As we near the end of another year, I thought I’d mix things up a bit on the blog today and try a video post.

In my first ever video for Super Copy Editors, I lay out my thoughts on the future of copy editing, specifically as it relates to the media industry, and what freelance copy editors can do to survive in the current environment.

For many copy editors, the landscape looks bleak right now. But even though the larger media industry is ditching copy editors left and right, there’s still a niche for top-notch freelance copy editors because many businesses DO understand the extraordinary value of what we do.

Here’s the video:

Here’s a transcript:

In the mid-’90s, when I was starting out as a copy editor, I was in college and my journalism professor told the entire class, “You guys must be crazy to get into journalism right now.” That was my journalism professor!

We all kind of laughed and looked around nervously, but it was clear even then, 20 years ago, that the industry was completely changing. So much has happened since then.

I was a copy editor for newspapers. I did that quite happily for a few years. Then I got more into the design aspect of newspapers. But the clouds were already descending upon the industry. Ad revenue was going down, being lost to digital.

I was thinking, “You know what? Maybe I should get into copy editing again because copy editors are always going to be needed.” Because, of course, newspapers care so deeply about the quality of the product. So, I got more into copy editing, and I really honed my skills. Eventually, I struck out on my own as a copy editor, going freelance and building up my own business.

Five years later, I realize I was totally wrong about how copy editors would be valued by the media industry. My assumption was that copy editors would be among the last to go in a layoff situation. It has become abundantly clear, though, that management doesn’t give a crap about quality in that way.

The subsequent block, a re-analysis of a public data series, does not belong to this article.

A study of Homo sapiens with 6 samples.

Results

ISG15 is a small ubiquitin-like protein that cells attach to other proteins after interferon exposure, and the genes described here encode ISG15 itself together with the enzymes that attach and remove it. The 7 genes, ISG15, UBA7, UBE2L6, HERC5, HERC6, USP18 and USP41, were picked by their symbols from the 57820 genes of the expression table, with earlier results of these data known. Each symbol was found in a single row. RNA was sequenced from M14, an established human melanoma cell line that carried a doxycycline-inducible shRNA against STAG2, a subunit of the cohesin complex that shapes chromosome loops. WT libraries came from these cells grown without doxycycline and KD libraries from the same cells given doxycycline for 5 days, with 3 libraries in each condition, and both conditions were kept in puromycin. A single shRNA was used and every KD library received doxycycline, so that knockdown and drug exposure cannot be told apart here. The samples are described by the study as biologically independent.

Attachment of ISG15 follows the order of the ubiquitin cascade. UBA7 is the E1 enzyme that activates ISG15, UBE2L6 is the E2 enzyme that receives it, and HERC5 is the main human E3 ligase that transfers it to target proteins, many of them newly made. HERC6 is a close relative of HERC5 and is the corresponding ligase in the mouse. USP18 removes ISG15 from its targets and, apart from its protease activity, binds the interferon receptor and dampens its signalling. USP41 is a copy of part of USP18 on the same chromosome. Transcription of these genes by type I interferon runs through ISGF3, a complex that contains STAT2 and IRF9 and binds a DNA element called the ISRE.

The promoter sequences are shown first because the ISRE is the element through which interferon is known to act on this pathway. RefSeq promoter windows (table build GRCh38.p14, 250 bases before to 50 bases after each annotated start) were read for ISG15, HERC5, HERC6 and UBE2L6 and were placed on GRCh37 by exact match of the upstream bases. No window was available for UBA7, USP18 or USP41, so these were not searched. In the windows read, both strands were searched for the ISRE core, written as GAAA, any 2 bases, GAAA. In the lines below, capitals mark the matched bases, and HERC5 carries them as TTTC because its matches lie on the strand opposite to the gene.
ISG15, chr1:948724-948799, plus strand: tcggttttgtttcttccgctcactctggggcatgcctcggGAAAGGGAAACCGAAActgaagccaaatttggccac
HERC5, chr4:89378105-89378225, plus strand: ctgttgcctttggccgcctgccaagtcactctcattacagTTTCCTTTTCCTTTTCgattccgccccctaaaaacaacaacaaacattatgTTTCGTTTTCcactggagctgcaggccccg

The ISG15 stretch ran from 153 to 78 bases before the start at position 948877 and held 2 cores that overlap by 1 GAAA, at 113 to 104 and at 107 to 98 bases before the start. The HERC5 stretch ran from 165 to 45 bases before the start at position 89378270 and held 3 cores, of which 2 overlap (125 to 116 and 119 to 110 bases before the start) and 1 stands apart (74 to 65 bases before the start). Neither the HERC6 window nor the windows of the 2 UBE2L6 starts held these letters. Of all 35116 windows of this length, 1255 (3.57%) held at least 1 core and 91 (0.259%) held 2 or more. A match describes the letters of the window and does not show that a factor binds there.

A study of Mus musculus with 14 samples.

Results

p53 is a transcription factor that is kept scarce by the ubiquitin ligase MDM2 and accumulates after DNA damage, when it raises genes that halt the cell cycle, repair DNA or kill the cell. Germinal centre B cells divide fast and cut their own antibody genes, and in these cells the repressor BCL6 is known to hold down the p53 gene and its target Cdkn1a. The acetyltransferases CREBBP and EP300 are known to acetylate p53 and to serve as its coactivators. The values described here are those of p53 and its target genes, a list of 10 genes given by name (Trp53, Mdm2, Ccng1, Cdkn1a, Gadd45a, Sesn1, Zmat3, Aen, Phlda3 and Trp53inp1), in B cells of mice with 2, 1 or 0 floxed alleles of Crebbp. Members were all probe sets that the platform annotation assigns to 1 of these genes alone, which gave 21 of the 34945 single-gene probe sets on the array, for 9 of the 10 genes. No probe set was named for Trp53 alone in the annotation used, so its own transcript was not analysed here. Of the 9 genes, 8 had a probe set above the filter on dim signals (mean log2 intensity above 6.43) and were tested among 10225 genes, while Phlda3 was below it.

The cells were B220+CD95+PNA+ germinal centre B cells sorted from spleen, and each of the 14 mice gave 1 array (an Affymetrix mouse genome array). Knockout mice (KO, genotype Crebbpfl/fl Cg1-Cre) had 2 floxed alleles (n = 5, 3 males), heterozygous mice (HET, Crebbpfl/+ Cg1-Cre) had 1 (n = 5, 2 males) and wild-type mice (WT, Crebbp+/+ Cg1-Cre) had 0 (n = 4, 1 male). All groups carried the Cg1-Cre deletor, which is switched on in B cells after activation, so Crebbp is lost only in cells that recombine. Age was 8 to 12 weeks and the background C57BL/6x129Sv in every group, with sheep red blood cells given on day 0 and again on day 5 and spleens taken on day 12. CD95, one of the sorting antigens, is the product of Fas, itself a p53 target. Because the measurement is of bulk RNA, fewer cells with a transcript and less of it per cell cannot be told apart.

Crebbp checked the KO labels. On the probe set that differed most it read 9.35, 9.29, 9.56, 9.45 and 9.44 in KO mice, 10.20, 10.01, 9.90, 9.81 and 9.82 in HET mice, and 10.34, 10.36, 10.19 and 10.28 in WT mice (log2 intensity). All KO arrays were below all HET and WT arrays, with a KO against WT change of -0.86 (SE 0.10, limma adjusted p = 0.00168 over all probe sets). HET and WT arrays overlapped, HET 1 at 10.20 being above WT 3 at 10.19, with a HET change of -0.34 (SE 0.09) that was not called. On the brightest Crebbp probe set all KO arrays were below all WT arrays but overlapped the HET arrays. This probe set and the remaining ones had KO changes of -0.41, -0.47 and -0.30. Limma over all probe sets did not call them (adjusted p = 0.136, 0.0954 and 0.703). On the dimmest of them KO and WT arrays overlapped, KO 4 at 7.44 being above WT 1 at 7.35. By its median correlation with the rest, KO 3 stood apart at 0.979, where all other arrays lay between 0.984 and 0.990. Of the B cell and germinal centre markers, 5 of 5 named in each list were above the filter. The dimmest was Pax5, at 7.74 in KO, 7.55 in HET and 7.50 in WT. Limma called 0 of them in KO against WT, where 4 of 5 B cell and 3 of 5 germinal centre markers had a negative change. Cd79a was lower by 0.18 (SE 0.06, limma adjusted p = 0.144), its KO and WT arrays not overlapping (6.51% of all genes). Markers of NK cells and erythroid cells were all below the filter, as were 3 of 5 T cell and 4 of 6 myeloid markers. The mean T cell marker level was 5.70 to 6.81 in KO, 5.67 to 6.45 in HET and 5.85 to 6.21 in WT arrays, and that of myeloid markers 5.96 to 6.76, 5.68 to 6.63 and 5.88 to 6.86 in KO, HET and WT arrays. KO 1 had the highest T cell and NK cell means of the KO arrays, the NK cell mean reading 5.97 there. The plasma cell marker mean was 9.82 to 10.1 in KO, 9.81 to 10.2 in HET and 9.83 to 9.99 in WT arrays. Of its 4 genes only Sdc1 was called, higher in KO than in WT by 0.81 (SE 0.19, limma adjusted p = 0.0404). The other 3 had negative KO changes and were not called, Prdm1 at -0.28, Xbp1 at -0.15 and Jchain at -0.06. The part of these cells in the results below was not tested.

Just as an example, this past summer, The New York Times laid off a massive amount of copy editors. The New York Times—one of the biggest newspapers in the world, one of the most prestigious. They laid off … I think they went from 100 to 50. The copy editors who were there called it humiliating. They claimed that the management had referred to their work as “low-value editing.”

The copy editors there said, “Look, you have no idea what we actually do. We’re not just pointing out silly, easily identified errors. We’re actually saving your asses on a daily basis, protecting you from lawsuits.” This isn’t easily replaced by a reporter scanning his text for typos right before he submits the story.

Of course, The New York Times responded along the lines of, “We’re not getting rid of the copy desk. We’re just eliminating levels that are unnecessary.”

Long story short, The New York Times laid off a massive amount of copy editors and swore that this wouldn’t affect the quality of the product. But I have a collection that I save … I save screenshots any time I see an error. I have two dozen from the past three or four months alone. It just ticks me off. This is one of the best newspapers, best media organizations in the world—and they just don’t seem to care that embarrassing errors are making it in. Because that’s just not as important as the bottom line.

So, what is the future of copy editing? I think it’s clear that copy editing is falling by the wayside in an effort to improve the bottom line. That’s the reality.

Now, how can you survive as a copy editor today? What I tell freelance copy editors who are just starting out is what I’m doing right now in my own business, which is, “Build up your client base!” Time is of the essence. You need to get loyal fans right now. There are plenty of businesses, plenty of people, plenty of writers who care about quality. Do all the marketing things that you’ve read about. Build it up. You need to get it going now; get that fire blazing. Find those businesses and people who understand the value that a copy editor can provide.

Most important, you will not survive as a freelance copy editor if you start pricing ridiculously low for your services. Copy editors are a crucial step in making sure that the writing doesn’t have stupid, costly mistakes. So, don’t let your pricing scrape the bottom of the barrel.

Looking for a Great Copy Editing Team?

Here at Super Copy Editors, we offer expert copy editing and proofreading services for businesses. You’ll love our 100% on-time guarantee and personal touch. Contact us now for a free quote.


View posts by Dave Baker
Hi, I’m Dave Baker, founder and copy chief of Super Copy Editors. I have more than 25 years of professional proofreading and copy editing experience, including work for The Nation magazine, The New York Times, and The Times-Picayune of New Orleans, where I shared two staff Pulitzer Prizes. At Super Copy Editors, we’re passionate about helping agencies, marketing teams, and education companies refine and polish their text to give them confidence and ensure success. Learn more here.


  1. Chris
    October 11, 2018

    I’m currently employed as a technical editor and am looking at going back into freelancing, as a copy editor. I found this video really helpful. Thank you!

    1. Dave Baker
      October 11, 2018

      Love to hear that, Chris. Best of luck to you.